About 15% of people have post-acne scars after treating acne. Wondering what kind of scars you have, and how you should treat them? You’re in the right place!
Brown or pink scars generally don’t change the texture of the skin. Then there’s what’s called “real acne scars,” which DO change the texture of the skin. Real scars look like small holes or depressions in the skin.
Treatment of brown spots is usually pretty easy. You can start with over-the-counter whitening creams containing kojic acid or arbutin. For more resistant brown spots, it’s possible to add prescription-grade whitening cream with hydroquinone, superficial peels or intense pulse light treatments — for any of those, you’ll need to visit your dermatologist.
Pink post-acne spots are caused by the enlargement of microscopic capillaries — they usually fade two to three months after your acne is controlled. If you wanna fade them faster, a couple of IPL (Intense pulsed light) or laser treatments will do the job.
Real acne scars are the hardest to treat. But there’s hope — a new technology shows promise. This technology, called microneedle radiofrequency, uses extra sharp gold-plated needles to heat the deep part of the skin. This heat promotes a natural healing process of the skin that builds new collagen and decreases the depth of the scars.
There are five main types of real acne scars: Hypertrophic acne scars (Elevated scars confined within the margins of an original pimple) and keloid acne scars (Elevated scars larger in size than the original pimple and commonly found on the chest, back, shoulders and ears. These scars are very persistent) are two types.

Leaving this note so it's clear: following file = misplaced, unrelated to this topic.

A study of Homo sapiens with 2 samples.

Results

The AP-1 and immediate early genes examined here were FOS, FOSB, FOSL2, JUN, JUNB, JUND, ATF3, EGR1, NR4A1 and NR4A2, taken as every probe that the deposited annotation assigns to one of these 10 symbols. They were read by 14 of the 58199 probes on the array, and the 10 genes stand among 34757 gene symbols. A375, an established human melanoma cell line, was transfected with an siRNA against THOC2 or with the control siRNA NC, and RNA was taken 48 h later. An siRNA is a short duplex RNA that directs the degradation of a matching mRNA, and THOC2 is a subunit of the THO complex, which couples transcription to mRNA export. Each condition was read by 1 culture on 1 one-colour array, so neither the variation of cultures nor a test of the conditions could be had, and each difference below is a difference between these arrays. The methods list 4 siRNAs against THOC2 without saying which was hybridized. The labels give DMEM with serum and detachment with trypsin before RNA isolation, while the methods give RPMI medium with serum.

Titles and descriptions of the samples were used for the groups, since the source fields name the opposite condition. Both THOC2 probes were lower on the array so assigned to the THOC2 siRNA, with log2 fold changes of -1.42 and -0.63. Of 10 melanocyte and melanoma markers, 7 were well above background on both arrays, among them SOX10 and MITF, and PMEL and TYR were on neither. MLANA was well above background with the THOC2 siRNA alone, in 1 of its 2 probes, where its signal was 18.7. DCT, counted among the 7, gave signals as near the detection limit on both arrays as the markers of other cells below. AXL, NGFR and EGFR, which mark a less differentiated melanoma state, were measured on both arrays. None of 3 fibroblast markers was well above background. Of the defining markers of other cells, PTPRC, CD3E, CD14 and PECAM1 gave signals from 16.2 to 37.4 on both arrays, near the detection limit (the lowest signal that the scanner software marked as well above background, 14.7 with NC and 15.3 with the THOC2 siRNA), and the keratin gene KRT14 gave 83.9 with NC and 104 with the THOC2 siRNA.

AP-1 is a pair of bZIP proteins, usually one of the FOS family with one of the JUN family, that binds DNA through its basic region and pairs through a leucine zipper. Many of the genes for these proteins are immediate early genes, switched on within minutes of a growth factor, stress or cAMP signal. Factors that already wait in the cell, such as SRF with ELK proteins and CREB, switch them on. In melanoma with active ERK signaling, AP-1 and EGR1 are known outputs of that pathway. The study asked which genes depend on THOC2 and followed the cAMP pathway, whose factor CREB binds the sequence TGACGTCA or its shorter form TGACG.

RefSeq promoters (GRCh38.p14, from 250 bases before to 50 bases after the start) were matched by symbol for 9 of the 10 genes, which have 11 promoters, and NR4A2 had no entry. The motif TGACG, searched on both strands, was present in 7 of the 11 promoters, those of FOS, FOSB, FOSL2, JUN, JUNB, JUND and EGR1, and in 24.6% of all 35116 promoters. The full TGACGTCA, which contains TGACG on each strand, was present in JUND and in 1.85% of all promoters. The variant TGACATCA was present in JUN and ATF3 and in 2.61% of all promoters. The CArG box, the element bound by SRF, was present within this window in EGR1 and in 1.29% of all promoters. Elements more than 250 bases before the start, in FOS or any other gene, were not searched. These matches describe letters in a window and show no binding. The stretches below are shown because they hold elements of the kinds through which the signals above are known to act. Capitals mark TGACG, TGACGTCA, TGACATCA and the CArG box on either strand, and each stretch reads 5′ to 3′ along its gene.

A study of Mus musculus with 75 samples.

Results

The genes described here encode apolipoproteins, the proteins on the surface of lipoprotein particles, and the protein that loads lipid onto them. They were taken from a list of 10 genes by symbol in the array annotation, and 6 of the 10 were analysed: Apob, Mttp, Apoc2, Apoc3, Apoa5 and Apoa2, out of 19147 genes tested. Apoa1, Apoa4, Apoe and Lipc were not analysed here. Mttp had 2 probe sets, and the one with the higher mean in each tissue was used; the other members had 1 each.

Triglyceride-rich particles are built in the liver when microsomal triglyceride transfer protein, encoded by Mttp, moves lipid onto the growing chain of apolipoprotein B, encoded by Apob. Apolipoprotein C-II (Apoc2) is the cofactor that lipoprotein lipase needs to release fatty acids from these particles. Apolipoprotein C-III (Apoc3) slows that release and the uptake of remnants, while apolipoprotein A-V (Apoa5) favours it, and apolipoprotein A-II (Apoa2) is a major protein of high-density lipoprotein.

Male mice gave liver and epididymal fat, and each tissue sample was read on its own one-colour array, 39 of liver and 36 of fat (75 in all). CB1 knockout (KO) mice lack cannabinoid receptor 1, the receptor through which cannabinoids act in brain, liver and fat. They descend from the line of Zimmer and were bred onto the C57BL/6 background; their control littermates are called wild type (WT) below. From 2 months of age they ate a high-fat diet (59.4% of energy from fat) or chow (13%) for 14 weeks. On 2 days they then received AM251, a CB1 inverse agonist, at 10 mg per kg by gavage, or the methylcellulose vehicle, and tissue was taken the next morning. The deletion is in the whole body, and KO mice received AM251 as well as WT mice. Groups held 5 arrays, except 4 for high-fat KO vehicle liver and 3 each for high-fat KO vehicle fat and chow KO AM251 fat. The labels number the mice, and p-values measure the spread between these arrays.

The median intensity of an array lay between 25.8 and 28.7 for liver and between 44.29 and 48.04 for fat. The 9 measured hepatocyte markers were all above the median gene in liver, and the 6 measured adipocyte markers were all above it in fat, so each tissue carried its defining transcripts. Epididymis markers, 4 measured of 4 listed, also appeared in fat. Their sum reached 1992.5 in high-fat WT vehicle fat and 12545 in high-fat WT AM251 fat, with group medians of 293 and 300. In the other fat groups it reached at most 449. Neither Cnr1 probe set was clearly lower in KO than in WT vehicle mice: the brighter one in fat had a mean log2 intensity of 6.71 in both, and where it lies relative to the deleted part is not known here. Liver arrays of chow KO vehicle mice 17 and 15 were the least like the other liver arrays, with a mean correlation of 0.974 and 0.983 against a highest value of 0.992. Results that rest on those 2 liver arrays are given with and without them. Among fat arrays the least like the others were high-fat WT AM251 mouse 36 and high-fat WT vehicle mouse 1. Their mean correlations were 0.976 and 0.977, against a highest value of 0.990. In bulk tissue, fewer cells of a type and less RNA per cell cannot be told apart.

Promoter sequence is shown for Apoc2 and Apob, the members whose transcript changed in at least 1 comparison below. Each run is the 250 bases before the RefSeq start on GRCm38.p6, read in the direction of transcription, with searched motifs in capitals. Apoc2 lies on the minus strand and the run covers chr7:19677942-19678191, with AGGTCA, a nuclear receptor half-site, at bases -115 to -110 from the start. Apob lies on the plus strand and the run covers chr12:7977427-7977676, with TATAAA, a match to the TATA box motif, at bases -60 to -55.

Both hypertrophic scars and keloids have thicker, more abundant collagen that’s stretched and aligned in the same plane as the epidermis. Both have an incidence 5-to-15 times higher in African Americans and 3-to-5 times higher in Asians (Compared with Caucasians). It’s estimated they affect both the African American and Hispanic populations between 4.5% and 16%.
Another kind of real scar is called an icepick scar. These are smaller in diameter (1-2 mm) and deep with tracks to the dermis or subcutaneous tissue possible. Although the surface opening is smaller and steep-sided, there may be a wide base that could later evolve into depressed or boxcar scars. Icepick scars are commonly seen on cheeks. Depressed or boxcar scars are shallow (0.5 mm) or deep (0.5 mm) and often 1.5 to 4 mm in diameter. They have sharply-defined edges with steep, almost vertical walls. Shallow scar treatment can happen with resurfacing or possibly punch elevation, whereas deep scar treatment is often done by punch excision, elevation or other modality. Last, there are soft rolling scars. These can be circular or linear, are often greater than 4 mm in diameter and have gently sloped edges that merge with normal-appearing skin. Treatment is commonly by subcision.